Mahaiwe: John Pizzarelli and Jessica Molaskey: Partners in all the right ways

(EDITOR'S NOTE : This review will appear in Thursday's print edition of the Eagle.)

GREAT BARRINGTON -- It would be hard to find another couple more appealing for an enjoyable night out than John Pizzarelli and Jessica Molaskey, the winsome husband-and-wife team on the cabaret circuit who once more proved most companionable in one of their Pizzarelli Family Concerts, Saturday evening at the Mahaiwe Performing Arts Center.

They are funny in their affectionate bantering back and forth as two people with some two decades' experience of caring about each other are wont to do. And with a wisp of self-deprecation they are willing to share with apparent candor some career milestones -- the near misses, along with the joys of triumph.

And then, they are talented in the way they make music together, with a refreshingly different approach to the matter, venturing beyond the formulaic strategy of he sings, she sings and then they sing. Like artists creating collages, they build medleys of songs -- generally two, often from different composers -- into distinctive, thoughtful, often lovely, layers of ideas for the listener to ponder.

"Waiting for the Girls Upstairs" from Stephen Sondheim's "Follies," initiated by Molaskey at the downbeat, fused seamlessly with Pizzarelli's "All I Need Is the Girl," plucked from Jule Styne and Sondheim's "Gypsy." So too did Pizzarelli's swinging delivery of Irving Berlin's "The Best Things Happen When You're Dancing" ("White Christmas") and Molaskey's saucy "Nice Girls Don't Stay for Breakfast," the provocative tune written by Bobby Troup for his wife, Julie London.

And in between all the wisecracks, the Pizzarellis can get very romantic indeed, he blending the sensuous strains of Harry Warren and Al Dubin's "I Only Have Eyes for You," she interpolating the forthright Cy Coleman/Carolyn Leigh standard, "It Amazes Me."


The Pizzarellis have managed -- over 15 years of marriage, 20 years together since meeting on the stage in a show, as they explain -- to bring together their disparate worlds. His resides in jazz, first absorbed as a child from his father, the master guitarist, Bucky Pizzarelli who made this son a virtuoso in his own right, employing the guitar with often fierce dexterity as a revealing extension of his soul, extending that musicianship to a voice that embraces the upper reaches of the scores in which he dwells.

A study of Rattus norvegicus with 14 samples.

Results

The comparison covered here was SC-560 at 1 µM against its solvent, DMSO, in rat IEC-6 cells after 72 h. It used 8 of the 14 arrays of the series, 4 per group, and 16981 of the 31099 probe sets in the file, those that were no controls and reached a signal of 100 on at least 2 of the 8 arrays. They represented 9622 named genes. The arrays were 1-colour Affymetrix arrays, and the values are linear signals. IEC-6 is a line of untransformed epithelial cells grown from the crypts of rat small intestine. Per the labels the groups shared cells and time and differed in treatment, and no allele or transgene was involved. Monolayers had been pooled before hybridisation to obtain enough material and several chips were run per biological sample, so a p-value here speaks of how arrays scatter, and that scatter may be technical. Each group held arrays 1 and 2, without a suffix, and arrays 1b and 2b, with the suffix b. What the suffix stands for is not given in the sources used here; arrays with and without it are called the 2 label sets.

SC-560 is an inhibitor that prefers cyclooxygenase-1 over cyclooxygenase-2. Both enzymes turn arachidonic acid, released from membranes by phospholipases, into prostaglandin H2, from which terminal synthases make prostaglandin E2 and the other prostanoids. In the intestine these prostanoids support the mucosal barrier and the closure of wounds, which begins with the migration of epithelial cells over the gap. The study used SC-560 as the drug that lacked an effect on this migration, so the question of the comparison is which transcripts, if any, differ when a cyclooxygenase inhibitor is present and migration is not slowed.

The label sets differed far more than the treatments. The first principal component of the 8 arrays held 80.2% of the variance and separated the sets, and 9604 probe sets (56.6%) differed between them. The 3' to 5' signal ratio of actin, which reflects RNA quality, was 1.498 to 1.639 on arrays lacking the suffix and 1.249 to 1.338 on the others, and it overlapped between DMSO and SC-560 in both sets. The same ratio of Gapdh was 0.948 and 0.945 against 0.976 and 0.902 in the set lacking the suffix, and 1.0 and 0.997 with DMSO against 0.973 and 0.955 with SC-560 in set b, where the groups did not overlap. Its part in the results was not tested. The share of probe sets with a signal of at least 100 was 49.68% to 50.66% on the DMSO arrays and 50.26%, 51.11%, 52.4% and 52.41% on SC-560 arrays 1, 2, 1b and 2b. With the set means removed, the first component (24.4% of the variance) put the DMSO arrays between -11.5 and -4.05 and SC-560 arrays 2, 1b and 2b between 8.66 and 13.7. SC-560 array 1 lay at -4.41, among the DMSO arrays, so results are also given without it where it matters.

Molasky's world is Broadway, gleaned from an early devotion to recordings of Sondheim, a composer on whom she seems especially to thrive. Her alternately robust and sweet vocal instrument -- a Broadway voice in the best sense of the word -- exudes the gentle message of "Children Will Listen" from "Into the Woods," then glides easily into the frantic vocal athleticism of a woman confronting nuptial terror in "I'm (Not) Getting Married Today" from "Company."


For many, the evening's pièce de résistance arrived late in the proceedings: Bucky, the family patriarch, or as Pizzarelli described his father, "The Pope," joined his son for a dazzling display in 12-string duets of harmony and attendant fireworks, the two slyly alternating on filigreed jazz riffs and thumping rhythm in such tunes as "Three Little Words" from the Tin Pan Alley team of Bert Kalmar and Harry Ruby and Johnny Green's passionate "Body and Soul." The senior Pizzarelli will turn 88 Jan. 8, his son proudly disclosed, beaming at a gentleman who continues to prove that age need not be a deterrent in the vigorous pursuit of one's destiny.

Along with brother, Martin Pizzarelli on double bass, the current Pizzarelli Quartet seems among the best assembled, with two debutants in the group, Konrad Paszkudzki, whose considerable keyboard skills exceed the spelling accuracy of his last name in the house program, and Kevin Kanner, the animated new drummer. On another occasion it would be interesting to hear more extended solo work from each of them.


Following standing ovations, first for Bucky, and then for the rest of the crew, the generous set of 101 minutes, absent of intermission, finally adjourned at 9:45, from the stage to the Mahaiwe's mobbed foyer for the traditional exchange of currency and more than a score of available Pizzarelli/Molaskey CD albums -- commerce, along with art, moving onward and upward for the most talented, and the very enterprising.